Facebook posts falsely link Astroworld deaths to Covid-19 vaccines
Facebook posts claim the deadly crush at rapper Travis Scott's Astroworld Festival was caused by graphene oxide in Covid-19 vaccines that allowed concertgoers to be controlled. This is false; the substance is not an ingredient in any of the shots authorized in the United States, and authorities are still investigating events at the Houston, Texas, concert.
"This is a test run on the vaxxed," says a November 7, 2021 Facebook post featuring a video montage that includes footage of injured people at the concert.
"Once they put graphene oxide in you, all they have to do is TUNE THE FREQUENCY!!" it says, claiming that the substance allowed vaccine recipients to be controlled through music at the festival.
But the claims refer to a substance which is not in Covid-19 vaccines.
Pfizer spokeswoman Dervila Keane confirmed on July 8 that "graphene oxide is not used in the manufacture of the Pfizer-BioNTech Covid-19 vaccine."
Professor Hong Byung-hee, an expert in nanomaterials at Seoul National University, said on July 19 that "graphene is being tested for biomedical purposes, including for vaccines, but these applications are still in an experimental phase and a long wait is expected before they become commercially available following clinical trials."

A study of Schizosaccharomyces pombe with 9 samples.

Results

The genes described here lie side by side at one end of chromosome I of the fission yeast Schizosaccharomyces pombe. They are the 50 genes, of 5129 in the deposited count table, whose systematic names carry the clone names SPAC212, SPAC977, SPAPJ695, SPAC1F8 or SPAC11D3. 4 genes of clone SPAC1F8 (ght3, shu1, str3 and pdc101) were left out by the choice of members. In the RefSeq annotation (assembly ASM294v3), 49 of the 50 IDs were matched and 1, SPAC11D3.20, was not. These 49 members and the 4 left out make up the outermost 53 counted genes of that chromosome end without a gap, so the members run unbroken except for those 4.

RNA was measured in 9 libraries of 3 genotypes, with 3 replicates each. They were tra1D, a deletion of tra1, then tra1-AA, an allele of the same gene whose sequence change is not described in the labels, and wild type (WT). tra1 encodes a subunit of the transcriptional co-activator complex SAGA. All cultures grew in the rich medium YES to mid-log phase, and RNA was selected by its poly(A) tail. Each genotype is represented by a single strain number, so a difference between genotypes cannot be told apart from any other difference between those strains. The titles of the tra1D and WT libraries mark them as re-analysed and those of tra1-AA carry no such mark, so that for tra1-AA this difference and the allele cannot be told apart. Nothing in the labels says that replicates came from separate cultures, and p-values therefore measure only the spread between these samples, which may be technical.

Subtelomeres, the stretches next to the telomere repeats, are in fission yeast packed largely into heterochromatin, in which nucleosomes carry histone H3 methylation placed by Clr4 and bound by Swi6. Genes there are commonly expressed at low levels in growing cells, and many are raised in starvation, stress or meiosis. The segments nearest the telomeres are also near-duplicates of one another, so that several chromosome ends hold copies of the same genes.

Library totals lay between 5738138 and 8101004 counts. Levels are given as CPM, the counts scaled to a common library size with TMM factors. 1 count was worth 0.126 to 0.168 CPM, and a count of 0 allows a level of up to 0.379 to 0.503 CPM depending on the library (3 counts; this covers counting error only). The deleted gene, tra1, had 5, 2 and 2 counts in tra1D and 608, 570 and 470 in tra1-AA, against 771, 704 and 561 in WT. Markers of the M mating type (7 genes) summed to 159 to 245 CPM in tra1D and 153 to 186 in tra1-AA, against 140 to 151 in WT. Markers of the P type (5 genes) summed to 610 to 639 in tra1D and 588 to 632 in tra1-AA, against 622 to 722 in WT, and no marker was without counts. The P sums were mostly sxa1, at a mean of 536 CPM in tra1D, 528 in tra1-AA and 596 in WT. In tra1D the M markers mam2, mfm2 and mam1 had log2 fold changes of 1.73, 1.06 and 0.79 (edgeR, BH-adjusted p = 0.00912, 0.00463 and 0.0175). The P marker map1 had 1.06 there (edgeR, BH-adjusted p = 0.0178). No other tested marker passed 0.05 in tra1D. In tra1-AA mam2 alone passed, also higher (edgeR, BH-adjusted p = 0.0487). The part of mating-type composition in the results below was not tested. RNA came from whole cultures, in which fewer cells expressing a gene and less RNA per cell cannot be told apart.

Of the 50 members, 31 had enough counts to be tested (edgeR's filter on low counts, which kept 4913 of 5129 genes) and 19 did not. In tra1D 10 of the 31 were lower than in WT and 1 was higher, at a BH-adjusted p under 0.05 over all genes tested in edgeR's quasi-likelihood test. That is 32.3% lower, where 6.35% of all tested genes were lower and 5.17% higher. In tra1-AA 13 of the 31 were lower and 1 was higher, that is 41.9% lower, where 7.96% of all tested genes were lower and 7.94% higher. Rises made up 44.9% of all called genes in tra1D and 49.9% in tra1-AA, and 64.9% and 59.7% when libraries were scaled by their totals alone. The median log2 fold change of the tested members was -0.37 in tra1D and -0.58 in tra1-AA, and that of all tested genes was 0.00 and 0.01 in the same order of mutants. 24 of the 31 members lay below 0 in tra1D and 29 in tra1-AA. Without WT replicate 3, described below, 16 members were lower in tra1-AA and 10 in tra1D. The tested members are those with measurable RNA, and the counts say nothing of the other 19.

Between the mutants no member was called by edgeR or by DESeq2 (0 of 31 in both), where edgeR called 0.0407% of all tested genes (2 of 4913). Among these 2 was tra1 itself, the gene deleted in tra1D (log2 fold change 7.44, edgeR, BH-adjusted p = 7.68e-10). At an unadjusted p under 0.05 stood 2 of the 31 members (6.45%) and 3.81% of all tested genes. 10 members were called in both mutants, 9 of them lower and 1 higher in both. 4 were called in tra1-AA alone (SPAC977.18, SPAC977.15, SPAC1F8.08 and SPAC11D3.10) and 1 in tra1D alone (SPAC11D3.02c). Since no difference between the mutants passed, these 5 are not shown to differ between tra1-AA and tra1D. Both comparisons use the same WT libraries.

And Aiping Yu, an associate professor in the chemical engineering department at the University of Waterloo, said on November 9 that it is an inorganic material not used in vaccines. "There is no graphene oxide in current vaccine," she said.
Asked if graphene oxide can respond to wave frequencies or music, Yu said: "Not at all." She explained that graphene oxide does not have "magnetic properties."
The investigation into what took place at the concert is ongoing, with both homicide and narcotics detectives taking part.
Houston Mayor Sylvester Turner said that "this is a very, very active investigation, and we will probably be at it for quite some time to determine what exactly happened."
AFP Fact Check has debunked other inaccurate claims about vaccines here.
November 10, 2021 The article was updated to add quotes from professor Aiping Yu.